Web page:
Staff Publication: Choosing native plants for pollinators…but not pests!

By Kimiora Ward

January 2019

Widespread attention to pollinator declines has motivated land managers, farmers, and gardeners to plant wildflowers for pollinator habitat at large and small scales, but the question always arises – which native plant species give us the biggest bang for our buck? IAE’s new Southwest Office Restoration Program Coordinator Kimiora Ward recently contributed to research asking just that question. Native wildflowers can be expensive to establish, so it is important to know which species provide the greatest benefits to pollinators. Additionally, many farmers and other landowners worry that introducing native plants into their landscapes may bring additional costs in the form of pest insects that are attracted.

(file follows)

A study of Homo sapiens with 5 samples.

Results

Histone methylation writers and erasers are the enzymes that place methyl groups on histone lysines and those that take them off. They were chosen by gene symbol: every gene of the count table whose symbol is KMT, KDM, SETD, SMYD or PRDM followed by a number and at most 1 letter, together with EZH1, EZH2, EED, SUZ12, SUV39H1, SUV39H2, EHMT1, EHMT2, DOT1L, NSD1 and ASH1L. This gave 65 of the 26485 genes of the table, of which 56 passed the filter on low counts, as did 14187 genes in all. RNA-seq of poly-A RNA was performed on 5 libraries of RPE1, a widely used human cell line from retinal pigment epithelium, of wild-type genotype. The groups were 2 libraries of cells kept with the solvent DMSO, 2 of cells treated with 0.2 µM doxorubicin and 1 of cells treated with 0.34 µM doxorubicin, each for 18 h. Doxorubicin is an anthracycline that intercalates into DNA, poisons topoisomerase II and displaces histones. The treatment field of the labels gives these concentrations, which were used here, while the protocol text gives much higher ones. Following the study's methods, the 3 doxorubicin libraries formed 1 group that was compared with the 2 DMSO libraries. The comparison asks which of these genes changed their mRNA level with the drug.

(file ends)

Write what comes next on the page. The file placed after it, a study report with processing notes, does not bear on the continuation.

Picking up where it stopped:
In a two year study set in the agricultural landscape of California’s Central Valley, the research team in the UC Davis Entomology Department measured insect use of 42 native California wildflower species to identify plants that support honey bees, native bees and other beneficial insects without supporting potential pests. While some species attracted pests as well as beneficial insects, others drew pollinators without this added liability. For example, phacelias (genus Phacelia) are well known for their attractiveness to bees, but the early-blooming Great Valley phacelia (Phacelia ciliata, see above photo) drew many fewer pests than California phacelia (P. californica) or tansy-leaf phacelia (P. tanacetifolia). When choosing plant species for supporting pollinators, it would be wise to consider not only bloom time and cost, but also attractiveness to both beneficial insects and pests. We are excited at IAE SW to build on this work and consider benefits to bees in our restoration and native plant materials programs.


See the abstract of this research paper at .


Digger bee Anthophora spp.) on tansy-leaf phacelia Phacelia tanacetifolia).